How Does Mcewan Depict the Breakdown in Joe and Clarissa’s?

How does McEwan depict the breakdown in Joe and Clarissa’s relationship in the middle section of the novel? McEwan initially portrays Clarissa and Joe as the ideal couple, capturing the seemingly stable love affair between two academics. However, McEwan seeks to explore the disintegration of the ‘superior’ middle-class romance, to emphasise how nothing is safe. To the unknowing reader, everything about the relationship is calm and admirable. Yet difficulties begin to surface early in the novel.
The reader learns how Clarissa is unable to bear children; something which the reader can see is hidden from daily life, but obviously has a profound effect on the relationship. To add to this, Joe is unhappy about his status in the scientific community. He feels his work as a lecturer is not enough, and this causes his self-worth to diminish over time. Joe longs for a perfect life, with a perfect career and for his interests to be satisfied. Everything down to the expensive wine at the picnic suggests Joe seeks perfection.
Similarly, Clarissa also seeks perfection but instead, strives for the ideal romance, idealised by her literary idol, John Keats. McEwan focuses on a breakdown of communication throughout the middle section of the novel. Any conversations between the couple are brief and rushed, without consideration for the other’s words. Chapter 9 is significant for the development of Joe and Clarissa’s relationships collapse as the reader is invited to witness the events from Clarissa’s perspective.

Through McEwan’s technique, the reader can view the hardships of Clarissa’s day, to recognise the daily stresses of her personal and professional life. We see Clarissa’s confusion at Joe’s apparent manic state, the communication issues, ‘All this talking and listening that’s supposed to be good for couples’. Joe simply cannot leave Clarissa alone; he is dependent on her for mental support and he fails to recognise when she needs time to herself.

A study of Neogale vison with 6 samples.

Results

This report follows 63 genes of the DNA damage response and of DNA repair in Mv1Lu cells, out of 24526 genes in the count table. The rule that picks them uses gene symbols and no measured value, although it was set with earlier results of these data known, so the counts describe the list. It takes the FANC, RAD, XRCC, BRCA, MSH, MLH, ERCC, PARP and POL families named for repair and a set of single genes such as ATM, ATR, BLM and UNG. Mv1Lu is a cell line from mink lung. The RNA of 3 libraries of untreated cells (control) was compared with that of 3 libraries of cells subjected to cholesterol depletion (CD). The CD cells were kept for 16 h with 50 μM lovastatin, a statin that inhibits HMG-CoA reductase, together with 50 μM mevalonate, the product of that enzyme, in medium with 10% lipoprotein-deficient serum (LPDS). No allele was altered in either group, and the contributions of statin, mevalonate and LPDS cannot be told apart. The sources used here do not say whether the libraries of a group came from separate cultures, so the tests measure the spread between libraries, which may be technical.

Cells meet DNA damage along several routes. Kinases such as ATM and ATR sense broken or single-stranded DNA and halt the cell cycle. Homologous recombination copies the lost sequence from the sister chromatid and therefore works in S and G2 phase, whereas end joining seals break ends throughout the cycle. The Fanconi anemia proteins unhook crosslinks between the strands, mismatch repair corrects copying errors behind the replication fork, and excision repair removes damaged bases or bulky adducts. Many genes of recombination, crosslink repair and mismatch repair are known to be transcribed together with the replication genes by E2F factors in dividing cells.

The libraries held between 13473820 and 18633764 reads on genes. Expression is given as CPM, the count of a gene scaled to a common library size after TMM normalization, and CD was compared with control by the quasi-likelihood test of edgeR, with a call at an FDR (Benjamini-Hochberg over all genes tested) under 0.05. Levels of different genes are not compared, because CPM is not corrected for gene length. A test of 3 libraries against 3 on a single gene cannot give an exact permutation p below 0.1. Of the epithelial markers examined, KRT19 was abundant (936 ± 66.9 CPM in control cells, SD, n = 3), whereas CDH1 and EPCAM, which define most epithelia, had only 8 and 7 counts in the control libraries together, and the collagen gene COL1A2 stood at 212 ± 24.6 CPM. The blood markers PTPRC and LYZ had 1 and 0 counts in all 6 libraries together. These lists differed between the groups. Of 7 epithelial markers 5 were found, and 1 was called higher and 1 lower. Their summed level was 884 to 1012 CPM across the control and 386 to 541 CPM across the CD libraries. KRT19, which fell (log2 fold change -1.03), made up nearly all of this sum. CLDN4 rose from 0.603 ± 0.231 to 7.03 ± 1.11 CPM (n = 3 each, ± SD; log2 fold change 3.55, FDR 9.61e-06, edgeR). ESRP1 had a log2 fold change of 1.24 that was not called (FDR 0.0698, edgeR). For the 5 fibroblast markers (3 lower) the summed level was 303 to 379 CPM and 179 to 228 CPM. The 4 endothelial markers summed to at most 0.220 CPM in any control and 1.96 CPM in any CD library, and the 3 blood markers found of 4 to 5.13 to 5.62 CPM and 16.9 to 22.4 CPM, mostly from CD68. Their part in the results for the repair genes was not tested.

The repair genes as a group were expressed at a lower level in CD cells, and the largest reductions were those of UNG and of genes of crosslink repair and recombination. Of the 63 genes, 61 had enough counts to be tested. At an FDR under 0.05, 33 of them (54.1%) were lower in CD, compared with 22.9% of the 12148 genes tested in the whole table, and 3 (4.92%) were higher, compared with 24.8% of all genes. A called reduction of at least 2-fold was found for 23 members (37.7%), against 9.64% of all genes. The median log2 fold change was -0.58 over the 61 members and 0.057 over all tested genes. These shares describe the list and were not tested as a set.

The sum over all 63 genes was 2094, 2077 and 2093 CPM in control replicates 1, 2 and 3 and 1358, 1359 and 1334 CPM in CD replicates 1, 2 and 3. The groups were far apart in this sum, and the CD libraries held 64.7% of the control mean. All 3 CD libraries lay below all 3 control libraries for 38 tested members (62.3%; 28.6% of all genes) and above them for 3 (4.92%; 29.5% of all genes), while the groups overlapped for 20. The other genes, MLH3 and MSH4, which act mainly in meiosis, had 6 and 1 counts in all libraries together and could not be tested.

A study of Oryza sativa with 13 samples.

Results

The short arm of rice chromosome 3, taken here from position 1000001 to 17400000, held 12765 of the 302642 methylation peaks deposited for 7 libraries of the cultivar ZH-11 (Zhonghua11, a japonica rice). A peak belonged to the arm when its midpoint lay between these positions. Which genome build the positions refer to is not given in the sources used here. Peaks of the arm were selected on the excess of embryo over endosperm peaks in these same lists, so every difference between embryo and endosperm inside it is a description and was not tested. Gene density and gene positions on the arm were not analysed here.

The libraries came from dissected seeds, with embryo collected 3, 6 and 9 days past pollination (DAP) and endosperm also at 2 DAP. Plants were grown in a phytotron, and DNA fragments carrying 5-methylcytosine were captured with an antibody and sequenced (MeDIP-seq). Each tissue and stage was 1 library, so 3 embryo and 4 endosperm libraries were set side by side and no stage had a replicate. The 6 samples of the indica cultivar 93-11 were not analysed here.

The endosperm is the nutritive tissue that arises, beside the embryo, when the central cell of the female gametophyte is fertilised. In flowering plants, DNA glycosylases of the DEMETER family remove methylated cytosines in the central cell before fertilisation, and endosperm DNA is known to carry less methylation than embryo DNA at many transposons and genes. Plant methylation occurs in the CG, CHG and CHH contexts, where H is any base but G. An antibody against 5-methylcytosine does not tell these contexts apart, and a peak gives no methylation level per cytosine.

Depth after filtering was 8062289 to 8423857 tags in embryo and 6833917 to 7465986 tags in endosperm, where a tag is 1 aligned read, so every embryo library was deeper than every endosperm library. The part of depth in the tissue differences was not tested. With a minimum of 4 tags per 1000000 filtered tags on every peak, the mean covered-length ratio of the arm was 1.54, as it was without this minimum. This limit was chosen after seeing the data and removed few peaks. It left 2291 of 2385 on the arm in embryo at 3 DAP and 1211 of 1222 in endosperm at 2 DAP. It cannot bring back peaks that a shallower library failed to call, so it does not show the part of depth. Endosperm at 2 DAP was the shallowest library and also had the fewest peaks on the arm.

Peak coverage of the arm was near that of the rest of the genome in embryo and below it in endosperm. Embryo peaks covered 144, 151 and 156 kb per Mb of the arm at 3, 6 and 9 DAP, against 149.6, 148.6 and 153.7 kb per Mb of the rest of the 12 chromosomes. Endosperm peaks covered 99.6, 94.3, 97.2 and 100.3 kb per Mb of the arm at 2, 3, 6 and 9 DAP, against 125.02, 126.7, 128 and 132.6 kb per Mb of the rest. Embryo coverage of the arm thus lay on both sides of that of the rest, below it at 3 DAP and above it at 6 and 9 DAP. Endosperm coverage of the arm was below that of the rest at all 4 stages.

Throughout Chapter 9, we learn that Joe is trusting Clarissa and coming on rather strongly, ‘but his intensity is inhibiting her’. However, it is at this point where we recognise that Clarissa is being told the whole story, despite claims later in the novel that she isn’t, she simply doesn’t take the correct amount of interest. The three obvious milestones of the breakdown are the balloon incident, Jed Parry’s intervention and Joe’s evident depression. Parry appears as the main catalyst, as he highlights the couple’s flaws.
Trust is a huge issue between Joe and Clarissa, as made obvious when Joe fails to tell Clarissa of Parry’s late night phone call, ‘I know I made my first serious mistake when I turned on my side and I said to her “It was nothing. Wrong number. ”’ His actions could suggest he simply didn’t want to worry Clarissa at such a time, but also could ring early alarm bells for problems of trust. Trust issues are also evident when Joe raids Clarissa’s study, frantically searching for evidence of an affair. Shortly after this, they begin to sleep in separate beds, ceasing the late night discussions and passionate love-making.